A breakdown of recent developments in California's energy crisis:

MONDAY:

-- Federal energy regulators order price restraints on electricity sales throughout 10 Western states and California, but not the stringent cost-based controls sought by Gov. Gray Davis and other state officials. The 5-0 vote by the Federal Energy Regulatory Commission is effective through Sept. 2002 and expands price restrictions the agency imposed in April on California's wholesale electricity sales to include power transactions 24 hours a day, seven days a week. The price cap will be pegged to the cost of production at the least efficient electricity generating plant in the region.

-- A bill clarifying how to create a municipal utility district passes out of the Assembly energy committee. A public agency and an unincorporated area can organize a municipal utility district, as can two public agencies with or without an unincorporated area. The bill, by Patricia Wiggins, D-Santa Rosa, clarifies that when two areas vote, either is eligible to create a municipal utility if a majority approves it. But its eligible voters must total at least two-thirds of the voters in both areas. The bill now goes to the Assembly floor.

-- Gov. Gray Davis promises San Diego utility customers they won't have to pay the $750 million debt amassed since last summer. Davis says the deal with Sempra Energy, the parent company of San Diego Gas & Electric Co., also allows the state to buy the utility's 1,800 miles of transmission lines for about $1 billion. That portion of the plan requires legislative approval. SDG&E customers saw their electric rates triple last summer when their utility fully deregulated.

-- More than 200 of Pacific Gas and Electric Company's top managers and employees could share $17.5 million in bonuses if the utility can convince U.S. Bankruptcy Judge Dennis Montali it will lose key employees without awarding the extra money. Montali asked that PG&E confirm it will not use the bonuses as a reason to request future electric rate hikes, and asked that the utility provide him with evidence that employees have left, as well as a list of the titles and dollar amounts it expects to give to the top 23 employees.

-- Commissioner Carl Wood of the Public Utilities Commission urges his fellow commissioners to exempt the state's oil refineries from rolling blackouts to ensure a steady supply of gasoline. In a written statement, Wood says refineries and other facilities involved in gasoline production should be exempt as early as the PUC's June 28 meeting. Refinery representatives say a blackout could shut down production for up to three weeks.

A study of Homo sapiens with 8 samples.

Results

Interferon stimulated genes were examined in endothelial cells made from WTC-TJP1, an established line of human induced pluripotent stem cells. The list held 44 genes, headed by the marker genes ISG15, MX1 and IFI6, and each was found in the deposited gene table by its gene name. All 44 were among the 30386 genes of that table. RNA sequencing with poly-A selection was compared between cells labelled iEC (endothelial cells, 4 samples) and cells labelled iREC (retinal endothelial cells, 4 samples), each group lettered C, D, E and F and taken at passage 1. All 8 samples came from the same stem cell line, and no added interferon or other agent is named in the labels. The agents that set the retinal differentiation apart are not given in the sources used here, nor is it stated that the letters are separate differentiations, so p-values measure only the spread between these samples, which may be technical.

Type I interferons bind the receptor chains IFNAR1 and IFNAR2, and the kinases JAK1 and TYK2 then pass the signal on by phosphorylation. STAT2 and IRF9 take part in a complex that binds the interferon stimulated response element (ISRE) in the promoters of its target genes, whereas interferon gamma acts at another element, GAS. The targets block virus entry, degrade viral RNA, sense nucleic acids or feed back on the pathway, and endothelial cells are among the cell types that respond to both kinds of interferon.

-- A member of the state Board of Equalization says the state should assess the property value of private power plants in California. Johan Klehs says he'd like to overturn a 1999 decision to allow counties to assess the value of plants. The assessed value provides the basis for property taxes. Counties are limited in the amount they can raise taxes, but the state's authority in that area is not, he says.

-- A California Energy Commission committee is recommending approval of a proposed 600-megawatt power plant in the Coyote Valley in South San Jose. The committee also recommended several mitigation measures for Metcalf Energy Center, including increased emissions monitoring. A public hearing on the decision will be held July 26.

-- The manager of the state's power grid expects the state to remain free of blackouts for the rest of Monday.

WHAT'S NEXT:

-- San Francisco officials plan to announce a lawsuit Tuesday at 9 a.m. that claims a national energy supplier and regional governmental body are in violation of the federal clean air act for their permitting of power plants. Three community groups are also parties in the suit.

-- The Senate Energy Committee begins hearings Tuesday on variations of Gov. Gray Davis' proposal to aid financially strapped Southern California Edison. Senate Judiciary and Senate Natural Resources committees also plan hearings in advance of the Aug. 15 deadline for action.

-- The Senate Governmental Affairs Committee, chaired by U.S. Sen. Joseph Lieberman, D-Conn., holds hearing Wednesday on the power crisis.

THE PROBLEM:

High demand, high wholesale energy costs, transmission glitches and a tight supply worsened by scarce hydroelectric power in the Northwest and maintenance at aging California power plants are all factors in California's electricity crisis.

Southern California Edison and Pacific Gas and Electric say they've lost nearly $14 billion since June to high wholesale prices the state's electricity deregulation law bars them from passing on to consumers. PG&E, saying it hasn't received the help it needs from regulators or state lawmakers, filed for federal bankruptcy protection April 6.

Electricity and natural gas suppliers, scared off by the companies' poor credit ratings, are refusing to sell to them, leading the state in January to start buying power for the utilities' nearly 9 million residential and business customers. The state is also buying power for a third investor-owned utility, San Diego Gas and Electric, which is in better financial shape than much larger Edison and PG&E but also struggling with high wholesale power costs.

The Public Utilities Commission has approved average rate increases of 37 percent for the heaviest residential customers and 38 percent for commercial customers, and hikes of up to 49 percent for industrial customers and 15 percent or 20 percent for agricultural customers to help finance the state's multibillion-dollar power buys.